Mon - March 1, 2004
How Do We Think About God? (Part 4)
Western science was founded on a spiritual insight with which it has now come into conflict. What passes for a straight line in the realm of intellectual evolution could be drawn from the philosophic efforts of Socrates and Plato through Aristotle's efforts, the Renaissance, the Enlightenment, and on to Western science as we have it now. This lineage is important if we're to understand the dogma on which modern Western science precariously rests. It was born in Socratic and Platonic dualism, not Lucretian materialism. Western science started not with the empirical insights of Epicurus and Lucretius (that is, all existence is nothing but fundamental particles and their motions), but with the abstract theoretical frameworks of Socrates and Plato (that is, there are fundamental distinctions between ideal and real, abstract and concrete, soul and body, and so on), as later supported and explored by Aristotle and his followers. In a sublime irony that has taken centuries to unfold, science followed Platonic dualism to Lucretian materialism, and over the last century, that has started to cause some serious epistemological problems.
The Socrates of the Platonic dialogues can be seen as similar to the Jesus of the Gospels. The clearest parallel is their willing martyrdom after refusing to compromise themselves and defend themselves on the terms employed by their accusers. But there are other parallels as well: Both claimed to benefit from divine enlightenment; both were at the center of a community of disciples; though neither left any documents of their own, both spread their wisdom to the world through the work of those disciples and their followers; and both declared the existence of the immortal soul. They described an eternal and immaterial homunculus within each of us, experiencing and guiding our existence, a transcendent subject forever separate from the object of material creation. Lucretius had little patience with that idea:
Listen: to show you that a living thing's
That certainty and impatience can be heard in the arguments hurled by the champions of empirical science at believers in transcendence, yet those champions of science are the intellectual descendants of Socrates, not Lucretius. This is not an amusing historical accident--it is a historical necessity. Empirical science, the science practiced in the West since at least Aristotle, would be impossible without that initial dualism of subject and object, observer and observed, scientist and experiment, natural and artificial. And I contend that the intellectual leap to that distinction wouldn't have occurred to those who made it if they didn't feel that they were somehow apart from or somehow transcended the creation that they sought to understand. In short, science as it is practiced in the West is unlikely to have come into being without the idea of the soul.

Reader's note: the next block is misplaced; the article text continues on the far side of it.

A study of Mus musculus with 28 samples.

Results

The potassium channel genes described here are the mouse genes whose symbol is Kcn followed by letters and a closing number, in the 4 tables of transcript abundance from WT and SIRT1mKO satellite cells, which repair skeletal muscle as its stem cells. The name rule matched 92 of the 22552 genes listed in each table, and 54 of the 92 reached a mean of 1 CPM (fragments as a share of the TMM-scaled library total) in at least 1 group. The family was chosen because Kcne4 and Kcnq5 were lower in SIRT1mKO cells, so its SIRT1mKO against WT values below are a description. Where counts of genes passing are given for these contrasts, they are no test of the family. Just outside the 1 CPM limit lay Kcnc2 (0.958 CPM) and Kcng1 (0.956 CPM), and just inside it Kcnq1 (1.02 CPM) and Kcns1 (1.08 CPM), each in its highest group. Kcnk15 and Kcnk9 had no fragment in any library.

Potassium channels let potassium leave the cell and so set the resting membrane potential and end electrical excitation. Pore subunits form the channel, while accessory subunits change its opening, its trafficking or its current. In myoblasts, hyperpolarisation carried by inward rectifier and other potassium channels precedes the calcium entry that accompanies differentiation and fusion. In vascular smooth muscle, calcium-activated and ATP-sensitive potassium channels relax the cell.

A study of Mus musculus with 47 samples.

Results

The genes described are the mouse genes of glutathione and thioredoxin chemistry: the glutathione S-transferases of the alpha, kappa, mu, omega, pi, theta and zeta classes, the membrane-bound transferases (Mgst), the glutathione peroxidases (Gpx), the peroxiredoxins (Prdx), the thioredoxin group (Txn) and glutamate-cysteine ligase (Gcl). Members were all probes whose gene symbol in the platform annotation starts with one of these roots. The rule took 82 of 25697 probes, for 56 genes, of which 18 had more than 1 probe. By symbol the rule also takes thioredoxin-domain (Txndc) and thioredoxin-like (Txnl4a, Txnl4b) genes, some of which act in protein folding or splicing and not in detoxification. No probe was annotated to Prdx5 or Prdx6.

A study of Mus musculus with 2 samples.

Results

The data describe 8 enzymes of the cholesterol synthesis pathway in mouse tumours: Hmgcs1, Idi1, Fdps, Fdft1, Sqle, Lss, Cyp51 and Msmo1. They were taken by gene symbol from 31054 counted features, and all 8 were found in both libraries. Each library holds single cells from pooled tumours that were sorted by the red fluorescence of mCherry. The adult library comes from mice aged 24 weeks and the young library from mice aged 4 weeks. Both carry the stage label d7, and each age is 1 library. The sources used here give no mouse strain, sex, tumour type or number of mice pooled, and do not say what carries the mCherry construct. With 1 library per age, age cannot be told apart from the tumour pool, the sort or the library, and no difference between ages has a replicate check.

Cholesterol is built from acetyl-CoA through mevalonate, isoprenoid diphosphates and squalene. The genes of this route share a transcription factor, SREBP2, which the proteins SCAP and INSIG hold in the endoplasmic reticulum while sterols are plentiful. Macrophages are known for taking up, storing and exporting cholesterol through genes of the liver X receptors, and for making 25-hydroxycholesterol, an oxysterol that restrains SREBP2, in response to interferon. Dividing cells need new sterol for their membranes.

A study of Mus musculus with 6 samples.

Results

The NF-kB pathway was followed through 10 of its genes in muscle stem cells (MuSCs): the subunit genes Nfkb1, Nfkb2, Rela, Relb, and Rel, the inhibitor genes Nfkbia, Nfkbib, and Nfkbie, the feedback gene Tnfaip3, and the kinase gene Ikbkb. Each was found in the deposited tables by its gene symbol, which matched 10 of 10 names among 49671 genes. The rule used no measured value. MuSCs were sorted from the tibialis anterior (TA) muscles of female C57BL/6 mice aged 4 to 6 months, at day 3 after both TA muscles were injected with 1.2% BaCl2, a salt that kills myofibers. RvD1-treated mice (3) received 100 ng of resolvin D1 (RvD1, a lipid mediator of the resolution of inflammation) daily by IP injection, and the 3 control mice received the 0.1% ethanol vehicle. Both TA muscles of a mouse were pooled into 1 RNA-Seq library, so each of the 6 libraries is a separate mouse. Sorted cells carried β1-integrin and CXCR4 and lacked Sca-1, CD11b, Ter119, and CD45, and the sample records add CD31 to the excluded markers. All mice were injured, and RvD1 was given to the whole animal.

It's possible to understand something clearly and objectively only if you can separate yourself from it as an observer, but having done that (whether by explicit belief in an immaterial soul or implicit use of immaterial abstraction), it will be far easier to develop a productive, systematic understanding of that thing if you can limit yourself to material explanations. So Western science starts from Socratic, Platonic, and Aristotelean dualism and aspires to Lucretian materialism. As they say in Maine, "You can't get there from here." That's what Heisenberg's Uncertainty Principle, Gödel's Incompleteness Theorem, and our attempts to understand our own consciousness each tell us. And the further we push the reaches of dualistic empirical science, the more often we will stumble on that fundamental conflict. We can only achieve a full empirical understanding of creation as long as we're not part of it.